Rice millers and wholesalers are manipulating rice price by stockpiling the staple as the government failed to take timely measures to keep the rice market under control, agriculture minister Muhammad Abdur Razzaque said on Tuesday.
He made the comment at a workshop where a government-commissioned study revealed that millers and wholesalers manipulate the prices of essentials such as rice, potato and onion by creating an artificial crisis and making the market volatile.
‘People need to know who are responsible for making the rice market volatile despite a bumper production,’ said Razzaque.
‘Millers and wholesalers are stockpiling rice and controlling the market. The failure of the government to keep enough rice in stock also advantaged the rice millers and wholesalers,’ he said.
He said that the prices of essentials such as rice, potato and onion continued to remain high despite his initiatives to bring down the prices.
Bangladesh’s rice stock fell to merely 5.38 lakh tonnes on January 20, the last date the stock status was updated, while a kilogram of coarse rice cost over 40 per cent more than the corresponding day of the last year on January 26.
The study also revealed that the prices of rice and potato were increased by millers and wholesalers at a certain time of every year or after every natural disaster despite their bumper production.
The government can never make timely and appropriate interventions needed to keep businessmen from manipulating prices of essentials.
The government rather ended up worsening the situation by taking decisions such as importing rice and onion during harvest, the study said.
‘The invisible hands of millers and wholesalers are behind artificial price hike of rice, potato and onion,’ said professor Jahangir Alam, who led the study, while presenting the excerpts of the research at the workshop at Bangladesh Agricultural Research Council in the afternoon.
The average growth of rice production in Bangladesh over the last five decades have been above the world average and in the past two years there was more than two million tonnes of surplus of rice but still the rice price increased abnormally, the study revealed.
The rice price began increasing after the spread of the coronavirus crisis in March last year and has been very high throughout 2020 compared with that of the year before, according to the study.
The price increase dealt a severe blow after subsequent disasters like cyclone Amphan and prolonged flood left a negative impact on people’s life, especially the low-income group people, said the study.
Bangladesh Rice Research Institute economist Abdur Rouf said that millers and wholesalers had stored 95 per cent of boro rice within three months of its harvest, controlling the market as they slowly released stored rice creating an impression that there was a crisis.
‘Bangladesh is a strange case where price increase does not follow the demand-supply relationship. Here price increases despite surplus supply,’ said Rouf.
The study revealed that the actual price of rice decreased by 2 to 3 per cent every year between 1972 and 2020 though its production cost increased over time, particularly by almost 3 per cent since 2009.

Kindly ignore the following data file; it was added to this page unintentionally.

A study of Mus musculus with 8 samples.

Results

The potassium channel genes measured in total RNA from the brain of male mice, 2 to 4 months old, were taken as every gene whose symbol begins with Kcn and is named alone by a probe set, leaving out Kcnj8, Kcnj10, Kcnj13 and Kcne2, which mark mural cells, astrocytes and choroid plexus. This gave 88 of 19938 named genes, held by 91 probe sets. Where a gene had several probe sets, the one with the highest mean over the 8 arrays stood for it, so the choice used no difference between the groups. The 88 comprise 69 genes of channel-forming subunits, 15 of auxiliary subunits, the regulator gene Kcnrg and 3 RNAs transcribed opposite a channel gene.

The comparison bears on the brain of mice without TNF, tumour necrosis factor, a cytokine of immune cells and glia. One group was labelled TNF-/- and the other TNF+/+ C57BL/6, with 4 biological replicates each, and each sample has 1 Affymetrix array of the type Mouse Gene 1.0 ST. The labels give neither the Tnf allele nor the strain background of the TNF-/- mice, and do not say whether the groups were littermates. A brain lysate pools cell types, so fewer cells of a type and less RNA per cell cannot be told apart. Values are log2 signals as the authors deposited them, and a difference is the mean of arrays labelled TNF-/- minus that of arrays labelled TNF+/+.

There has been a surplus in the production of rice since 2010 but the rice market repeatedly turned volatile during the same period.
The study suggested that the government should buy from farmers 10 per cent of paddy annually and have them crushed at mills and also emphasised that the paddy procurement price should be 20 per cent higher than its production cost.
The study also said that the rice stock of the country should never fall below 12.5 lakh tonnes a month while the government must not import rice or any other agricultural product during harvest, especially not before or after the harvest.
The price of potato also increased due to manipulation by wholesalers, said the study.
Last year, there was at least 3.5 lakh tonnes of excess potato but still the potato price increased as the business syndicate took advantage of the prolonged flood.
The potato price increased more than 100 per cent last year compared with the price the year before.
The potato production increased by 6.5 per cent every year after the independence of Bangladesh but the actual price decreased by 2.4 per cent, said the study.
The government intervention to bring the potato price under control was very insignificant with the Trading Corporation of Bangladesh selling only 215.5 tonnes through open market sale in 2020 against an annual demand of about 1 crore tonnes, said professor Sheikh Abdus Sabur of Bangladesh Agricultural University, a member of the study team.
The study also suggested that the government should begin storing potatoes and diversify its consumption.
Razzaque said that the onion market turns volatile because of excessive dependence on imports from India.
He said that they were working on increasing domestic production to reduce import dependency while at the same time trying to source onion from multiple import sources.
Bangladesh meets 90 per cent of its onion demand through import from India, a country that often slaps a ban on its export, making the market volatile.
The onion price increased by 50 per cent overnight after India suddenly banned its export last year, said the study.
The study showed that the supply of onion was greater than the demand in 2019 and 2020, but its price suddenly saw a sudden hike at a certain time in the past two years.
Abdur Rashid, a member of the study team, also a senior scientific officer of Bangladesh Agricultural Research Institute, said that the price of onion in the domestic market remained very high though the international market was largely stable since 2017.
The study recommended that the government fix a minimum and maximum price for every essential product and form a pricing commission for agricultural products to control their market.